Chelsea’s best striker this season only featured in August for The Blues. While Fernando Torres, Demba Ba, and Samuel Eto’o had considerable ups and downs this season—playing in the swirling sharknado of media-fueled drama that is Jose Mourinho’s Chelsea, Romelu Lukaku was loaned out to Everton on the last day of the summer transfer window. It turned out to be not only the best course of action for Lukaku’s development, but also one of the most important factors in Everton’s evolution to the Premier League’s top tier.
Lukaku, who just turned 21 this past month, scored 16 goals in 33 appearances for the Toffees this year, in a performance that proved instrumental in their 5th place finish and Europa League qualification—and similar to what Lukaku produced in his previous year’s loan at West Bromwich Albion. And after Belgian national squad teammate Christian Benteke ruptured an Achilles tendon in April, what was unofficially developing through Lukaku’s superior play was now to be official. Though he’s still just 21, the Antwerp-born striker would be named the primary line-leader, supported in attack by some of the world’s best players.
Lukaku, whose father was a professional footballer in Belgium (and was capped internationally by Zaire), has been in Belgian soccer academies since age 5, and came of age in the Anderlecht system, signing his first pro contract at age 16. Though Lukaku signed with Chelsea in 2011, and professed a love for the club in a 2009 documentary on his school—albeit, while he and his classmates were on a field trip to London and touring Stamford Bridge—he’s only played for Chelsea 15 times in his three-year career under contract to the Blues, and has yet to score for them.
manager Roberto Martinez has publicly praised Lukaku on multiple occasions, recently declaring, “As a number nine, he is as complete as you are going to get in world football.” Back in November, Martinez also praised Lukaku’s judgment in every situation he’s faced so far.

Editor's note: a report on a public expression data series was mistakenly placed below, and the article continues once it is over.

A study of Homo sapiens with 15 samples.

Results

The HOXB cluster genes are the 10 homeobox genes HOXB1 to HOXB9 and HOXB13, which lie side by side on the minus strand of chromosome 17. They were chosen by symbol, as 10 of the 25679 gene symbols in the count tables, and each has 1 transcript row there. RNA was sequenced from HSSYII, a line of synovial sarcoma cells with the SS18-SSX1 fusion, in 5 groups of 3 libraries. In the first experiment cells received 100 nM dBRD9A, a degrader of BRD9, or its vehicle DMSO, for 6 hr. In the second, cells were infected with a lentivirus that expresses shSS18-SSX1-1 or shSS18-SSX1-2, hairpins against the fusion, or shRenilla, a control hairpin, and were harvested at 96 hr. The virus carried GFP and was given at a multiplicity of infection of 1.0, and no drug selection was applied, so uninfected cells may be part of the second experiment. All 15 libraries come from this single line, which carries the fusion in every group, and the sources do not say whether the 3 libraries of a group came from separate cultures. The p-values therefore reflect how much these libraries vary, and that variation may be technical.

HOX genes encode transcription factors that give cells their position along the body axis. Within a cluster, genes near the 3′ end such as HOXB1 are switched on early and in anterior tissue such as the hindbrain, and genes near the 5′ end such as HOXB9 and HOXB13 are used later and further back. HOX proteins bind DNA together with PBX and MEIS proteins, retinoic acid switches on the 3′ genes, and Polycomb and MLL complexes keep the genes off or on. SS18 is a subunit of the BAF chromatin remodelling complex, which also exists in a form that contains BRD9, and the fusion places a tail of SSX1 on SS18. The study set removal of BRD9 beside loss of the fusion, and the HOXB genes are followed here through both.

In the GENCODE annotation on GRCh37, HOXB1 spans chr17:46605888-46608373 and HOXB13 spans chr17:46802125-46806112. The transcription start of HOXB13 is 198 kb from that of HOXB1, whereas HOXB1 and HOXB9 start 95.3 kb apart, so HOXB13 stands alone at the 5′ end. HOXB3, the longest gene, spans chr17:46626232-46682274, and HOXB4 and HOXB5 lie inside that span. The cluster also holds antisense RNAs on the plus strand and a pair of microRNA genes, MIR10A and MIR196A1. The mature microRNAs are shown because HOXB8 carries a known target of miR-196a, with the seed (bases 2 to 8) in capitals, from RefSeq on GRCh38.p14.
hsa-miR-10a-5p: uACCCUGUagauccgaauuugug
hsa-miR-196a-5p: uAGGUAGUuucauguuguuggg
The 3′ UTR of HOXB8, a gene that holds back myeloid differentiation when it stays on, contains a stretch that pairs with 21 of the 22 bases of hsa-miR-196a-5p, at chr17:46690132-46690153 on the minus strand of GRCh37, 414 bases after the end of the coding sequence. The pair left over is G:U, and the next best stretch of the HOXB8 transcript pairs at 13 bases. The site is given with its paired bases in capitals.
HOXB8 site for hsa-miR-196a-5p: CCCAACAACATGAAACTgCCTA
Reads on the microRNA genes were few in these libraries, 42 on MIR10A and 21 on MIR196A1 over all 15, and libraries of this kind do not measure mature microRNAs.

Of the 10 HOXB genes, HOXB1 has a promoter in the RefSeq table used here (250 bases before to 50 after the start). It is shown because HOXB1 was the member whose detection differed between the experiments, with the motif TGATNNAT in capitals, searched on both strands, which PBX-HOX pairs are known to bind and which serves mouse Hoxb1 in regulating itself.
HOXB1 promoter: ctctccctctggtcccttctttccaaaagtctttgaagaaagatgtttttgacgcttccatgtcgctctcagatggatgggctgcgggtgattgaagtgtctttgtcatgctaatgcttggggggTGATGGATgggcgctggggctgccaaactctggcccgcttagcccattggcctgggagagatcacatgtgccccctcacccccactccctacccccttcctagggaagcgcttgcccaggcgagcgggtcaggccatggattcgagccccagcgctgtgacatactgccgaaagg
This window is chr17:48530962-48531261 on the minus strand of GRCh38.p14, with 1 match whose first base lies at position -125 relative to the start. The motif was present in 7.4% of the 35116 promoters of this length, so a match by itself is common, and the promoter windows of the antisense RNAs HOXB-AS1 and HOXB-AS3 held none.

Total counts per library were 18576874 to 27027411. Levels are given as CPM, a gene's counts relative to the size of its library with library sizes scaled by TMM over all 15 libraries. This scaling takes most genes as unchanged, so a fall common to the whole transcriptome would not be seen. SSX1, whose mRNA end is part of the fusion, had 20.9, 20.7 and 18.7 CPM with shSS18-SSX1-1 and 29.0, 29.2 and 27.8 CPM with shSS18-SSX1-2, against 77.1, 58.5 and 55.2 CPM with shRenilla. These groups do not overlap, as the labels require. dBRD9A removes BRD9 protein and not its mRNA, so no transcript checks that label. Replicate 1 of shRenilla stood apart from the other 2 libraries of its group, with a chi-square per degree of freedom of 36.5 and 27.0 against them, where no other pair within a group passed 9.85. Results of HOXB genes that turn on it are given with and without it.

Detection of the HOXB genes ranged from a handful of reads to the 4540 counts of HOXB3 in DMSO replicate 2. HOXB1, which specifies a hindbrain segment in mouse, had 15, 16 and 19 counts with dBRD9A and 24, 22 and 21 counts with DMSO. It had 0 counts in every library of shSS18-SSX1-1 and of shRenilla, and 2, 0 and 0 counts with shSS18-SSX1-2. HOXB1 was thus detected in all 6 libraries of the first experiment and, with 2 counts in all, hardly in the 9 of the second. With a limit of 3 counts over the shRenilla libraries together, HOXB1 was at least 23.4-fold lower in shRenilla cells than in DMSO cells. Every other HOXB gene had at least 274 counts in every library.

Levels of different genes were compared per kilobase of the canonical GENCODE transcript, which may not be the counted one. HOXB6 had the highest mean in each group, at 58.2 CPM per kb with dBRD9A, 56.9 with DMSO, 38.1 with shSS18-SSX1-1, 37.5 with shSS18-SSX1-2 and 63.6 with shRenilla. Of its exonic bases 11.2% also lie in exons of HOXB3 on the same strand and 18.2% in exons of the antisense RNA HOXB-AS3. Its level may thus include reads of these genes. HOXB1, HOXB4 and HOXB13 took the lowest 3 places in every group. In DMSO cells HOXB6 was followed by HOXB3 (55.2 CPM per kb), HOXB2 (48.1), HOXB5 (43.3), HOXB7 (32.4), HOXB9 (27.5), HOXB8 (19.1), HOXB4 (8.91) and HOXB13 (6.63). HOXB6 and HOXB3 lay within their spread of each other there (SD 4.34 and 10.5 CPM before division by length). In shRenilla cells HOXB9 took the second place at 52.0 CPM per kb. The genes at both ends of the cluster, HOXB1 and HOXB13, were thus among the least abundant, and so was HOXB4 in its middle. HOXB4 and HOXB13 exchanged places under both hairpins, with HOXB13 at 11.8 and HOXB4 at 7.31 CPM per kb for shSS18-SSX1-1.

Those quotes, however, predated a January flap that Lukaku innocuously created when he defended his childhood idol and recent West Brom teammate Nicolas Anelka, whose “quenelle” celebration for a goal against West Ham last Dec. 28—a nod to a French comedian friend—was seen as an anti-Semitic gesture that the FA and West Brom club sponsor Zoopla frowned upon. Everton was quick to erase any trace of Lukaku’s support for Anelka on its social media channels, and Lukaku learned a lesson that, even though you might believe that something doesn’t seem like it should be a big deal to you, asserting that won’t magically change the minds of people who think a quenelle, for instance, is a big deal.
And yet, that’s really the only occasion for demerits to date for a player who seems eager to learn more about the game, is loyal to the teammates he’s been loaned to, and, in fact, is dealing well with the weirdness inherent when a Top Five team loans a player to another Top Five team.
Belgium has the talent to keep pace with the best of the World Cup teams, and though Lukaku is still somewhat of a raw talent, he’s part of the equation that makes Belgium an intriguing dark horse candidate. And though some critics see cracks in the foundation that will ultimately lead to their undoing, they’re a prime candidate to knock out the U.S. in the Round of 16 (assuming Belgium wins its group and the Americans survive its Group of Death to advance), and they’re positioned to knock out one of soccer’s more established powers before they’re done.
And, for all the seasoned players surrounding Lukaku on the squad, it’s evident that at least one, if not more, of Belgium’s World Cup matches—and the squad’s fortunes, will depend on what he can do with his feet in critical moments. Given what he’s been able to do on the stages of London and Manchester and Liverpool, he seems up to the task.